A stepping stone crossing a stream defines the word “ripple” to garden visitors’ delight.
Last month, I was lucky enough to visit Little Sparta, Ian Hamilton Finlay’s marvelous garden in the Pentland Hills below Edinburgh, Scotland. This five-acre garden is reached after a ten minute hike uphill on a track between fields of cavorting sheep and their little lambs.
You’re surrounded by barren hills, windswept but verdant, until you reach a copse of trees planted by the poet and artist, Ian Hamilton Finlay and his wife Sue.
Voted in a poll conducted in 2004 as the most important work of Scottish art, the garden is filled with ‘poem-objects’—nearly 300 in all.
Everywhere you look, Finlay has added words to bring to life the typical elements of gardens: stepping stones, obelisks, gateposts, bridges, styles, walls.
Each of Finlay’s poem-objects is set elegantly and appropriately into vignettes; one after the other reached by narrow little paths of varying materials and surrounded by the simplest of wildflowers.
The word “pretty” is repeated along this curving path—why? Only Mr. Finlay knows.
The words of Virgil and other ancients are enshrined throughout; Classicism abounds. Each set of words inscribes itself into your mind and you can’t help but vocalize them to yourself as you confront them at every turn.
One becomes immediately immersed in this garden, under low-canopied trees, following narrow, single-person walks that twist past focal points and turn toward places to pause.
Here, in the middle of rural Scotland, are boat terms, World War II navy vessels, drawn and described in the briefest of language. Greek and Latin phrases require more than my high school training to translate; plays on words abound. There’s so much to learn, so much to contemplate, so much to admire in the perfection of this immaculate garden, so hidden away from the world by an agoraphobic artist.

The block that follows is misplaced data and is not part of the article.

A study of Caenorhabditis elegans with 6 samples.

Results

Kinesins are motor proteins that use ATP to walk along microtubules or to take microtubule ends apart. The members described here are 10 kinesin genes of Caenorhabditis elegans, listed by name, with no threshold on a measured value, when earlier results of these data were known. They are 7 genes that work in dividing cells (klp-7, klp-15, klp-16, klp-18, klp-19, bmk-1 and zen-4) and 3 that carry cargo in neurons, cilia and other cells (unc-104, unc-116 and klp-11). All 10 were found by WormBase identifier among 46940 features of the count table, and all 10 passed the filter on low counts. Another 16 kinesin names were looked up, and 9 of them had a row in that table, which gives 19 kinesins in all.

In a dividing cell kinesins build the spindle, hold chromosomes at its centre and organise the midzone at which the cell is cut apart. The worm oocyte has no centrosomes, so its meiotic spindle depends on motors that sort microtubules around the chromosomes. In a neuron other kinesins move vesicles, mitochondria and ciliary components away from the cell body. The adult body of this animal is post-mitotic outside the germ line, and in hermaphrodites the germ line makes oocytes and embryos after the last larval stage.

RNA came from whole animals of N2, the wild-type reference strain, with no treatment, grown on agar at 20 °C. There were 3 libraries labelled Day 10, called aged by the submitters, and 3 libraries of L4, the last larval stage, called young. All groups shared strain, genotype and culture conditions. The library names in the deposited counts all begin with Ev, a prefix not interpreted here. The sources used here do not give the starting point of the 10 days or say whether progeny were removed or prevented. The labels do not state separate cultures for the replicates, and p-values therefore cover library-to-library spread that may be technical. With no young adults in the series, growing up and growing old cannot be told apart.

And then there are the objects themselves—the traditional pineapples that act as finials on formal gateposts are here carved as hand grenades, equipped with a pull ring when needed.
But it’s not just the vocal points that are wonderful here; it’s the settings themselves and the paths to them that are completely satisfying as a designed experience. Nothing is out of place; all is set just so without being pert or bland or overdone or boring—not ever.
You can see the phases of this artist’s life in the worlds he created in his gardens, and each is bolder and more surprising than the next. Its modesty entices, always, and keeps us completely immersed for the two hours or so that it takes to wander through and delight in this wonderful place.
I met the two gardeners who were hard at work. George (left) is an artist turned horticulturist; Ralph (right) worked closely with Mr. Finlay on the newer sections of the garden.
Mr. Finlay died in 2006, and the Little Sparta Trust has taken over to ensure that the garden remains as he would have liked. How lucky we were to “possess” this place for ourselves, to meet the gardeners who knew the artist, and to hear stories of its creation, its symbolism, and its care. This modest garden now ranks as one of my favorite in all the world.
Finlay’s sense of humor can be found throughout the garden, combined with charm, grace, and always another surprise ahead makes it one of the great gardens of the world.
Note: For more information on Finlay’s work, visit Artsy’s wonderful Ian Hamilton Finlay page.
Join the discussion One Comment
Magical! And the wordplay is catching: “. . . It’s not just the vocal points . . .” (I caught that.)